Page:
Queenslanders have once again gone through a tropical cyclone, but this one (Tropical Cyclone Yasi) was a monster, and the Premier of Queensland, Anna Bligh, had stated that it would be devastating, destructive and potentially deadly. She was right.
After the safety of people, my thoughts turned to the safety of pets, so I thought it would help pet owners to be aware of some of the preparations they can make for their pets before the onslaught of the danger; it’s too late for this one, but not for the next.
This cyclone was forecast well in advance and because of that, people had time to prepare for it, and that preparation probably saved lives too. This cyclone has taught us that preparation is essential – but what about our pets?
Animals become very anxious during weather events such as this, so pet owners should ensure that their pets and animals are clearly identified with ID tags, showing telephone numbers – just in case some of them try to escape from their homes and yards during the cyclone.
It is recommended that pets should be kept somewhere familiar where they can be monitored; they need to feel secure, so keep them in a place where they feel comfortable and somewhere that is familiar to them. If the owner is anxious, this will pass on to the animal, so try to keep as calm as possible. Make sure there is plenty of water and food available to last at least a few days – just in case.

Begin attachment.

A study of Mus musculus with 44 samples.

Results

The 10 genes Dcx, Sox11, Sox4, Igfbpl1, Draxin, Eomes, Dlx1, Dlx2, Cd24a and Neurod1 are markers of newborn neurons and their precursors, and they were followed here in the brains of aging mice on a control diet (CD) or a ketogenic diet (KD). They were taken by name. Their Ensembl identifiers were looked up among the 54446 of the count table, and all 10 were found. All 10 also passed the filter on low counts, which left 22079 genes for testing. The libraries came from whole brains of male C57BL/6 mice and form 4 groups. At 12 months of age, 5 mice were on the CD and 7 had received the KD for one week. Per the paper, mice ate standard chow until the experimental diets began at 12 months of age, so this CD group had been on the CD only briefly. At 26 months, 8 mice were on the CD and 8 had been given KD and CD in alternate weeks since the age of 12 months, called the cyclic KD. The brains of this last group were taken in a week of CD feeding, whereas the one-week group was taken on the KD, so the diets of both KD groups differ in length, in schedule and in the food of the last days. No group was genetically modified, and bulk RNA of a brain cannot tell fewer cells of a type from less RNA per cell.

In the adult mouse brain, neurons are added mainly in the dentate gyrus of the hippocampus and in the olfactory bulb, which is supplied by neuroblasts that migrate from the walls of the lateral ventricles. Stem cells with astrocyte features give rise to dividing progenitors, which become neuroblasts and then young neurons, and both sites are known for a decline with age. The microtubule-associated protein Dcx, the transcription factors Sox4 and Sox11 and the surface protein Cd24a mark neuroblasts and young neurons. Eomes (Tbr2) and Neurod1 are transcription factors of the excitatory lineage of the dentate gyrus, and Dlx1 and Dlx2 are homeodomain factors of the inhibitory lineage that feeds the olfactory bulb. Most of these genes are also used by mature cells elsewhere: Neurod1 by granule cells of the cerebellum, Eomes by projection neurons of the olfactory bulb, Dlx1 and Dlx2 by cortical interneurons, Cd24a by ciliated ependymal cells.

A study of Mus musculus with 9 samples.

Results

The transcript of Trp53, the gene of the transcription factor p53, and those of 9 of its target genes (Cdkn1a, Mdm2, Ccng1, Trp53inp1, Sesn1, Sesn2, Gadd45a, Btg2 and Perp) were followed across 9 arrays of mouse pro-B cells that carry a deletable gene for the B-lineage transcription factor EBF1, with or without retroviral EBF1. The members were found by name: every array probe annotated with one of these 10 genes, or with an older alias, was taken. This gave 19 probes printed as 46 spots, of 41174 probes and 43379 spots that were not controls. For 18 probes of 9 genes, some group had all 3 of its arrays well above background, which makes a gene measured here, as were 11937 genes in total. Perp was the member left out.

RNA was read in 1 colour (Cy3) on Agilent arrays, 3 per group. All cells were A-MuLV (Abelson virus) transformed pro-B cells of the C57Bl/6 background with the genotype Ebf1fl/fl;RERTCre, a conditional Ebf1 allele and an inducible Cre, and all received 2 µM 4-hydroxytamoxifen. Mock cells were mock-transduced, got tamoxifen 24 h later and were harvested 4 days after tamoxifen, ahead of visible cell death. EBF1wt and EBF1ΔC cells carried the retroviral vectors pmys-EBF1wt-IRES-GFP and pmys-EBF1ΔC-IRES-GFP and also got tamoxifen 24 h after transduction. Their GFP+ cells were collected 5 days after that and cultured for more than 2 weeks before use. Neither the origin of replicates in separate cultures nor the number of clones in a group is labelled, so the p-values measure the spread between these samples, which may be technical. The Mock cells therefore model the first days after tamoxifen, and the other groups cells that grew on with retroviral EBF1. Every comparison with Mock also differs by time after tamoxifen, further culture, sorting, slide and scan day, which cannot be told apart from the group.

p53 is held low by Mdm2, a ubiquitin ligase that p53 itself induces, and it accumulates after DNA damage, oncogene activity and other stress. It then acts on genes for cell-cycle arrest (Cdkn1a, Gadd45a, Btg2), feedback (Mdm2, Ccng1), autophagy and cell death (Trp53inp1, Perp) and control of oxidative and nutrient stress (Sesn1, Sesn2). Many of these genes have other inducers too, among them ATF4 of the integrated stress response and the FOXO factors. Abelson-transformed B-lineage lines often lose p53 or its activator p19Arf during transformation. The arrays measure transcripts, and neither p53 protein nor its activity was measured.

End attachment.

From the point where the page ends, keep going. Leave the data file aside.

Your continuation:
The noise a cyclone brings with it is horrendous, and will be terrifying for an animal – remember their hearing is more sensitive than humans, so they will be more prone to any kind of noise. Torrential rain lashing down on the roof makes a deafening sound, the fierce winds will pick up anything in it’s path and the debris will come crashing down on buildings. Uprooted trees will be thrown about like toothpicks and might even come flying through windows, so make sure any windows are taped up or covered with plywood.
The main thing is to try to keep as calm as possible as this is the time when animals will become extremely distressed and may even try to run away because they are so frightened. The animal is a lot safer inside a building with his owner than he would be out on the street.
A cyclone of the magnitude that this one is would pick an animal up and toss it around like a rag doll; it wouldn’t stand a chance.
So preparation is essential, keep the animal in a safe place, wearing ID, and try to keep calm until the cyclone danger is over.